Prosecutors must approve felony arrest warrants issued by Pittsburgh police because of concerns expressed by Allegheny County District Attorney Stephen Zappala over the bureau’s eyewitness identification procedures.
In a letter to city officials, Zappala wrote that Pittsburgh police must adopt eyewitness identification procedures outlined by the Allegheny County Chiefs of Police Association by August 16. If not, eyewitnesses might be used to establish a suspect, but the information provided could not be used to charge an individual.
Pittsburgh police typically have witnesses view six to eight suspect photos on a single sheet of paper, a method shown to compromise memory, according to University of Pittsburgh law professor David Harris.
“Human memory is much more like trace evidence,” he said. “It’s much more fragile than we used to think. It is susceptible to influence, unconscious or otherwise. It can change even by introduction of new influences.”
New procedures would require a third-party officer show a witness one photo at a time, allowing each image to be processed independently, garnering more accurate results.
According to Harris, an eyewitness is more likely to choose the person the police believe to be the suspect, if a police officer involved in the case is running the lineup.
“The police are not corrupt,” he said. “They’re not trying to do this. It’s completely unconscious, but it does taint the process.”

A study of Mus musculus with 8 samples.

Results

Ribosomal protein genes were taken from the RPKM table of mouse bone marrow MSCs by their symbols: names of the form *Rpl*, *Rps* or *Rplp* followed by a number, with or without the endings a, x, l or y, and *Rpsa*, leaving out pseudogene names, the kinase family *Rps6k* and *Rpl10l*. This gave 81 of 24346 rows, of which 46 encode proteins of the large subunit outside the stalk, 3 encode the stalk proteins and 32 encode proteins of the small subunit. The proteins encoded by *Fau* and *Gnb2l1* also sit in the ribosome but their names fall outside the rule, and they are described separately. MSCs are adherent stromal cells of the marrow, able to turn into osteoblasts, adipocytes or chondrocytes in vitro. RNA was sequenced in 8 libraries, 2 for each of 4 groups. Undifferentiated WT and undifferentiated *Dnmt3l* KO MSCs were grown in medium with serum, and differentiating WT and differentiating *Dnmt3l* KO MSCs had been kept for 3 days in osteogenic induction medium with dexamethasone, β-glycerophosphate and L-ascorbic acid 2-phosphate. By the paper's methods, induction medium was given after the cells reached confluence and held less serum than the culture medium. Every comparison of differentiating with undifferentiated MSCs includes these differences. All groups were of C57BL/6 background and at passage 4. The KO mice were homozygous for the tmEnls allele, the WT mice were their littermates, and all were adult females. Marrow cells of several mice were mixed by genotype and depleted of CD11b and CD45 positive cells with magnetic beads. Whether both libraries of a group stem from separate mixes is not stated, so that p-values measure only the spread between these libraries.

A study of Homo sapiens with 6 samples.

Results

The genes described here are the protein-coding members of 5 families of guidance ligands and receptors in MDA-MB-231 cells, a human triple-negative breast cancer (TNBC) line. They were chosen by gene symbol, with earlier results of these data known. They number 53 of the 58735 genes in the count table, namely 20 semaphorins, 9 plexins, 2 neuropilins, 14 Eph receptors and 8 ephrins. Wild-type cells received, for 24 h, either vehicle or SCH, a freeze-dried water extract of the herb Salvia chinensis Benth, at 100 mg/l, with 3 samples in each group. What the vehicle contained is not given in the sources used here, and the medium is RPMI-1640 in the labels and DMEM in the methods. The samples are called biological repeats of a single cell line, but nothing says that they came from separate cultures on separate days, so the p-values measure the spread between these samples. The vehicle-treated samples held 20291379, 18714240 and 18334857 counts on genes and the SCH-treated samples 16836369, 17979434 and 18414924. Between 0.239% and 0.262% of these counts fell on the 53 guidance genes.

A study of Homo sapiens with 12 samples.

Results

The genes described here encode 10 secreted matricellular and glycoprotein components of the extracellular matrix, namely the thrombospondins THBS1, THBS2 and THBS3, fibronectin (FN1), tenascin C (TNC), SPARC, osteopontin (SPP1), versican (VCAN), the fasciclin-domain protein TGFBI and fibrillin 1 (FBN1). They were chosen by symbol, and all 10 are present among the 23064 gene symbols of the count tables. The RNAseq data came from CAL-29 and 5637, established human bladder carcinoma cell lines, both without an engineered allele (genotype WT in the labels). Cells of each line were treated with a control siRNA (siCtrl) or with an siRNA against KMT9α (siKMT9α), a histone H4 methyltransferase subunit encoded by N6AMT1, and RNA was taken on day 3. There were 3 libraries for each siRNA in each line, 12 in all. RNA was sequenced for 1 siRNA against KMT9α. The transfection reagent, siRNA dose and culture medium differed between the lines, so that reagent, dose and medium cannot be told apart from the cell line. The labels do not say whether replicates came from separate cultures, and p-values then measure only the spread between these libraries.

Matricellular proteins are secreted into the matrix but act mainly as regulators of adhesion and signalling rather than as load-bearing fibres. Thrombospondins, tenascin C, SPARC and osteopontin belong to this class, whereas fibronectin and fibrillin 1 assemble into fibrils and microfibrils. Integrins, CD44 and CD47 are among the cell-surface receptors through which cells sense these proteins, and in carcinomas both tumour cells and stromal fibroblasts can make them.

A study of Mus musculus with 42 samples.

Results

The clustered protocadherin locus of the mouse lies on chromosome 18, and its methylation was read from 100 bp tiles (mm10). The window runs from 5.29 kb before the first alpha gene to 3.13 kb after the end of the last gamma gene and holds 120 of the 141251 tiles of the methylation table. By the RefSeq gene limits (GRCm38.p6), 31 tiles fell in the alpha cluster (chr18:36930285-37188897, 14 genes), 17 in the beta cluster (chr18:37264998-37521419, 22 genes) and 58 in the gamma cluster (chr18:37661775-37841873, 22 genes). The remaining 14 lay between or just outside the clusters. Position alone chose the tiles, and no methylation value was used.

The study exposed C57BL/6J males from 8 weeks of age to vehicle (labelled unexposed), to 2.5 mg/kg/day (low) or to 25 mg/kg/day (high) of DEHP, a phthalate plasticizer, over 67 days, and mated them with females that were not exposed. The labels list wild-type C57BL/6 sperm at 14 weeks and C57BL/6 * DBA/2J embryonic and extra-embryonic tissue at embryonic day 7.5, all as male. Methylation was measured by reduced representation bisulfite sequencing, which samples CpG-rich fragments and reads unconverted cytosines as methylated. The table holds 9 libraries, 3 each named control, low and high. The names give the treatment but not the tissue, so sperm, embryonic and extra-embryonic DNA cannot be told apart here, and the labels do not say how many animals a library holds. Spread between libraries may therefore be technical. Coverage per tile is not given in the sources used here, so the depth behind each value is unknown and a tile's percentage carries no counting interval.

Pittsburgh police were provided with a new eyewitness identification policy earlier this year, but have yet to implement the changes, according to Zappala.
Sonya Toler, a spokeswoman for the city’s Public Safety Department, said police will make the proper changes once the measures are decided.
“The city has been participating in meetings to develop these protocols and once those protocols and procedures are finalized, we are considering adopting those rules,” she said.
Zappala’s letter comes one week after a federal lawsuit was filed against the Pittsburgh police department by Robert Swope, who said flawed eyewitness identification led to his wrongfully being arrested for two armed robberies in 2012.
Two months ago, the Pennsylvania Supreme Court also ruled that experts can testify on the reliability of eyewitness identification, something that was banned in the commonwealth for 20 years.
Harris said police should be doing whatever they can to cut down on faulty identifications.
“Our system of course isn’t perfect,” he said. “We can’t expect that, but we should be doing the most that we can, the best that our brains give us the ability to do, to make sure that we don’t make unnecessary errors.”